PHOENIX, AZ, UNITED STATES
PHOENIX - Growing up in rural Montana, Army Command Sgt. Maj. Pamela Higgins remembers watching the Montana Guard members helping with community activities, while admiring their sharp uniforms.
A National Guard armory in town was held in high regard. “The Guard had a big presence in the community,” Higgins said. “We always held divisional track meets there and I remember the Guard members, in uniform, measuring the long jump, starting the sprint races and setting up hurdles.”
In her senior year, Higgins considered her family’s financial situation and realized that in order to obtain an education and successful career she would need to look at her options with the military. “After talking to a few people I knew in the Guard, I decided to join.” Higgins said.
After convincing a friend to join with her, they nervously boarded a plane, a first flight for both, and headed for Fort Jackson, SC.
Higgins, now the state command sergeant major of the Arizona Army National Guard, served in three different state National Guards. Starting her career in Montana, she moved to New York, and then to Arizona in 1991.
“I just recently went over 36 years of service and have always served for the Army National Guard,” she said. “I have been a traditional Guard member my whole career, which included a deployment to Afghanistan from 2009 to 2010.”
Higgins is the second female soldier to serve as the state’s senior-most enlisted Soldier in Arizona Army Guard’s history. Prior to her was Command Sgt. Maj. Karen Craig from 2002 until 2009.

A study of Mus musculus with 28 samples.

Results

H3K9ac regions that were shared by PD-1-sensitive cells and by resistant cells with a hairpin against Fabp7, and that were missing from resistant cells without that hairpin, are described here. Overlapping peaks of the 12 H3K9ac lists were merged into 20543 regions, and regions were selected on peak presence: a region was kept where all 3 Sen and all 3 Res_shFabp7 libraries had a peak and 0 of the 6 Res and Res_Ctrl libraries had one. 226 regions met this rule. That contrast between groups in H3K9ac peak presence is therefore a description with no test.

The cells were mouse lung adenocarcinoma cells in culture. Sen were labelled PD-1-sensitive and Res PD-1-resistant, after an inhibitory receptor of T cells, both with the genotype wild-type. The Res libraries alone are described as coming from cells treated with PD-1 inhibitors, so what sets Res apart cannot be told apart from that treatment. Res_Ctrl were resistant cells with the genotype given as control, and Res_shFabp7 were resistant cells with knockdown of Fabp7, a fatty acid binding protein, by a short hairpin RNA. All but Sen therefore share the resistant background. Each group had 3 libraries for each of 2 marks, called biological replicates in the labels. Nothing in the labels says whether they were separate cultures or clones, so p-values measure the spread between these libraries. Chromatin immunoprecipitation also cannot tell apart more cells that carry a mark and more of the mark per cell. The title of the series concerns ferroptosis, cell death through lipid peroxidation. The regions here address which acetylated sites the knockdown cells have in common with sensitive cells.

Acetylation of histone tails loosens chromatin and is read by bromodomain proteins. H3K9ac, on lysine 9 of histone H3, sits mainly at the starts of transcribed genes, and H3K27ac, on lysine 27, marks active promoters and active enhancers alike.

“Women in the Armed Forces have come a long way, and can now be assigned to some combat arms duties,” Higgins said. “Allowing women to serve in combat jobs is a huge change – training and testing the women for these positions must be exactly the same as the males, and if the women meet the standards, then they deserve the position.”
Since the Women’s Armed Services Integration Act of 1948, the progression of allowing women into service, recognizing them for their service, and creating more military career growth for women has become more prominent.
“Since I have been in the military, women have gained the respect of their brothers in arms,” Higgins said. “That is all we ever wanted – to be treated and respected the same as our counterparts.”
In reflection of Women’s History Month and celebrating this year’s theme, “Celebrating Women of Character, Courage, and Commitment”, Higgins said:
“[This year’s theme] describes every female that signed on the dotted line to join the Armed Forces. Women in the military have deployed, fought in battles and have come home to deal with the same issues as their male counterparts. Honoring their courage and commitment will hopefully inspire girls and encourage young women to follow in their footsteps.”
Higgins expressed her sense of pride, being only the second female to serve as state command sergeant major in Arizona, and the importance of setting the standard, encouraging her sister-in-arms to continue to pursue their dreams.
“The door is wide open for females in the military, so maintain your commitment, courage and character in all that you do,” she said. “Continue to challenge yourselves and develop strong leadership skills. Apply and compete for positions of leadership and you will have a very successful and rewarding career in the military.
||PHOENIX, AZ, US
This work, Women's History Month: Arizona State CSM offers insight, motivation, by SGT Lauren Twigg, identified by DVIDS, is free of known copyright restrictions under U.S. copyright law.